Published : Friday, June 17, 2016 | 4:25 AM
Scientists working out of NASA’s Center for Near-Earth Object (NEO) Studies at the Jet Propulsion Laboratory in Pasadena have discovered a small asteroid that has been in an orbit around the sun and is a constant companion of Earth.
It now appears the asteroid, designated as 2016 HO3, will remain a “quasi-moon” of Earth for centuries to come, being too distant to be considered a true satellite of the planet.
Paul Chodas, manager of the Center for NEO Studies, said 2016 HO3 loops around Earth, but never ventures too far away as it, too, goes around the sun.
“This new asteroid is much more locked onto us,” Chodas says. “Our calculations indicate 2016 HO3 has been a stable quasi-satellite of Earth for almost a century, and it will continue to follow this pattern as Earth’s companion for centuries to come.”
One other asteroid – 2003 YN107 – followed a similar orbital pattern for a while over 10 years ago, but it has since departed our vicinity, Chodas said.
In its yearly trek around the sun, asteroid 2016 HO3 spends about half of the time closer to the sun than Earth and passes ahead of Earth, and about half of the time farther away, causing it to fall behind, JPL scientists said.
Its orbit is also tilted a little, causing it to bob up and then down once each year through Earth’s orbital plane. In effect, this small asteroid is caught in a game of leap frog with Earth that will last for hundreds of years.
Chodas says the asteroid’s orbit also undergoes a slow, back-and-forth twist over multiple decades.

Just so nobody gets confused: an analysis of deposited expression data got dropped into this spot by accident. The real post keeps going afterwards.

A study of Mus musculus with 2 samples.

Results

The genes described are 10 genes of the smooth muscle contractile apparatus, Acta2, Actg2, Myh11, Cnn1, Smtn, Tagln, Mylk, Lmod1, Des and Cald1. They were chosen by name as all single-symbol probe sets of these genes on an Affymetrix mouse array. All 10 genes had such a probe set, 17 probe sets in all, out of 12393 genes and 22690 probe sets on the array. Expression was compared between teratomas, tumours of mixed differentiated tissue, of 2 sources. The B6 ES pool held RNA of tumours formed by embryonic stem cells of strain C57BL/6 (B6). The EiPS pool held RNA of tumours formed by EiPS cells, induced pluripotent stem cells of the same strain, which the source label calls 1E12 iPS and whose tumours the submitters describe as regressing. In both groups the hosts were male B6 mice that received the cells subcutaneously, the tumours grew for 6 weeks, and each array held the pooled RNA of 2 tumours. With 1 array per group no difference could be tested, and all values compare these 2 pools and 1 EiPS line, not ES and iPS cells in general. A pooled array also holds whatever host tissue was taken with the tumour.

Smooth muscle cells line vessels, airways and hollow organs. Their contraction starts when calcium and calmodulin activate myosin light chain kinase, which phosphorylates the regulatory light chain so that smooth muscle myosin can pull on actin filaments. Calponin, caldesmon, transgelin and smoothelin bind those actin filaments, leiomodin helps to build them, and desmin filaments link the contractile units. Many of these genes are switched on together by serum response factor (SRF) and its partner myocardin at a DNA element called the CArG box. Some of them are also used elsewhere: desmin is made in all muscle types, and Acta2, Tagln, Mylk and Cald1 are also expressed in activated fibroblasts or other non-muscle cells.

“The asteroid’s loops around Earth drift a little ahead or behind from year to year, but when they drift too far forward or backward, Earth’s gravity is just strong enough to reverse the drift and hold onto the asteroid so that it never wanders farther away than about 100 times the distance of the moon,” said Chodas. “The same effect also prevents the asteroid from approaching much closer than about 38 times the distance of the moon. In effect, this small asteroid is caught in a little dance with Earth.”
Asteroid 2016 HO3 was first spotted on April 27, 2016, by the Pan-STARRS 1 asteroid survey telescope on Haleakala, Hawaii, operated by the University of Hawaii’s Institute for Astronomy and funded by NASA’s Planetary Defense Coordination Office.
The size of this object has not yet been firmly established, but it is likely larger than 120 feet or 40 meters, and smaller than 300 feet or a hundred meters.
The JPL’s Center for NEO Studies website has a complete list of recent and upcoming close approaches, as well as all other data on the orbits of known NEOs. , so scientists and members of the media and public can track information on known objects.
As for 2016 HO3, NASA said the asteroid does not pose a threat to the planet.
For more updates about asteroids, follow AsteroidWatch on Twitter, or www.twitter.com/asteroidwatch.